27 June 2019
Outcomes of the second WIPO regional seminar: #Copyright4Libraries in the African Region
By Denise Nicholson, CLM Expert Advisor
African countries have very different copyright laws, all at various stages of development and/or review. Some countries have very outdated copyright laws, whilst others have amended their copyright laws more recently, or are in the process of reviewing them, for example, Kenya and South Africa.
At the international and even regional levels, African countries have not taken into account the needs of libraries, archives, and education and research institutions in the past. Their laws often do not facilitate access or enable librarians and archivists to carry out their mandated responsibilities and functions. This is one of the reasons why the Africa Group proposed a Treaty on Limitations and Exceptions for Education and Research, Libraries and Archives and People with Disabilities in 2011. Although this proposal still forms part of the World Intellectual Property Organisation's (WIPO) Standing Committee on Copyright and Related Rights (SCCR) documentation for consideration, little or no progress has been made on it to date.
African librarians and others representing the educational, library, archival and museum communities hoped they would find some progress and/or solutions when they attended the second of three WIPO regional seminar in Nairobi, Kenya 12-13 June 2019. These seminars form part of an action plan agreed upon by member states at the 36th session of the SCCR in Geneva.
The theme of the Kenya workshop was to focus on the copyright challenges of libraries, archives and museums, as well as education and research, and to find solutions, especially to address digital issues and cross-border exchange of information. The meeting was chaired by Sylvie Forbin, Deputy Director General of WIPO, and the plenary session speakers were Professor Yaniv Benhamou, Professor Kenneth Crews, Professor David Sutton and Professor Raquel Xalabarder. Part of the 2-day workshop was dedicated to Challenges and Opportunities, which were discussed by member states and other participants in three parallel working groups, set up according to countries and languages (English and French).
IFLA was represented at the meeting by Hala Essalmawi (Egypt) and Denise Nicholson (South Africa) whilst Jonathan Band (US) represented IFLA and ICA. Teresa Hackett represented EIFL, Teresa Nobre (Portugal) represented Communia and Pedi Anawi (Ghana) represented Education International. Razia Saleh, a senior archivist, represented the Nelson Mandela Foundation in South Africa. A number of teacher unions were also represented from South Africa, Ghana and Kenya.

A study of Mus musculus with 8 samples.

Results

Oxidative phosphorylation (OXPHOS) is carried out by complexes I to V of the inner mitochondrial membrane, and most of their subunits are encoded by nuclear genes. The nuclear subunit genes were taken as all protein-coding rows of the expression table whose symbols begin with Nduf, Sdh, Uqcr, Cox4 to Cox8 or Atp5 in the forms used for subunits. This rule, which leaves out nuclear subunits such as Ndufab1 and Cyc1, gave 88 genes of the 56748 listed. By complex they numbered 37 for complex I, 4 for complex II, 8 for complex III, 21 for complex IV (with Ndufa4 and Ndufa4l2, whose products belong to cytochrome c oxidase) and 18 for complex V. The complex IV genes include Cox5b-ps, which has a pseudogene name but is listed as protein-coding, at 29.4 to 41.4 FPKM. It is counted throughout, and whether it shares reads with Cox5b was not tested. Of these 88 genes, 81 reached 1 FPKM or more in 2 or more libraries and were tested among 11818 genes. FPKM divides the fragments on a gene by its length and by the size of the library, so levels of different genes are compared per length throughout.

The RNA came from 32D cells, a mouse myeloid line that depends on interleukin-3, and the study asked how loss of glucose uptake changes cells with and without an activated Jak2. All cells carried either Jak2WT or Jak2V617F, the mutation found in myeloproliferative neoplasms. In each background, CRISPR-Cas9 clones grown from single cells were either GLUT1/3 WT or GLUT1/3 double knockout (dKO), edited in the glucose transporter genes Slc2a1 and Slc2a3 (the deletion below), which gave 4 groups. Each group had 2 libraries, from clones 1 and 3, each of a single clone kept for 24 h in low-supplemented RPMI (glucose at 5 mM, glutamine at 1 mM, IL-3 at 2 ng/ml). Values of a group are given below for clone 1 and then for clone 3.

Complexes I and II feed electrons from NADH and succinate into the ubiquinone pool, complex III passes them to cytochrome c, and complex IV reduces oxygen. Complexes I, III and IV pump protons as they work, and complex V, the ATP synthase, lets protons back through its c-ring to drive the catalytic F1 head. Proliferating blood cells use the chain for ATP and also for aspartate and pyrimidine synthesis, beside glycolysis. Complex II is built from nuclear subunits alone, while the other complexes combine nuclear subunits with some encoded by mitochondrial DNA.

Together with the abovementioned representatives, librarians from a number of African countries played a crucial role in presenting examples of the responsibilities and functions of libraries and archives, and the daily challenges that they face because of inadequate copyright laws. They highlighted the lack of adequate or appropriate copyright limitations and exceptions for libraries and archives, as well as education and research, in their national legislation. Suggestions to address cross-border sharing of knowledge, as well as digitisation and preservation through an international instrument were offered as solutions by a number of library and education participants in their working groups. While some member states took note of this possible way forwards, others dismissed in favour of licensing or national interventions rather than international solutions. To that, observers pointed out that the option of licensing, promoted by many rights-owners present, is limited, expensive and does not address their needs or enable them to carry out their statutory mandates effectively.
Whilst some member state officials supported an international instrument as a workable solution, others felt that national laws could be improved by states with inadequate or outdated legislation without international guidance. No clear solutions or consensus on the way forward for the African region was achieved with regard to the above challenges raised by representatives from libraries, archives, and museums, and educational and research institutions, but the exchange of intelligence will provide guidance for the next steps.
The Next Steps
The results of these discussions at Kenya will be included in a report that includes the results of the meeting held in Singapore (29-30 Apil 2019), and the forthcoming meeting in Santo Domingo, Dominican Republic (4-5 July 2019). The final comprehensive report will form part of the discussions at the WIPO Global Conference in Geneva in October 2019, and will advise the WIPO SCCR on possible future action. IFLA, ICA, Communia and Education International and other related organisations will be attending the conference and all subsequent meetings of SCCR to continue to find a workable solution for libraries, archives, museums, education and research.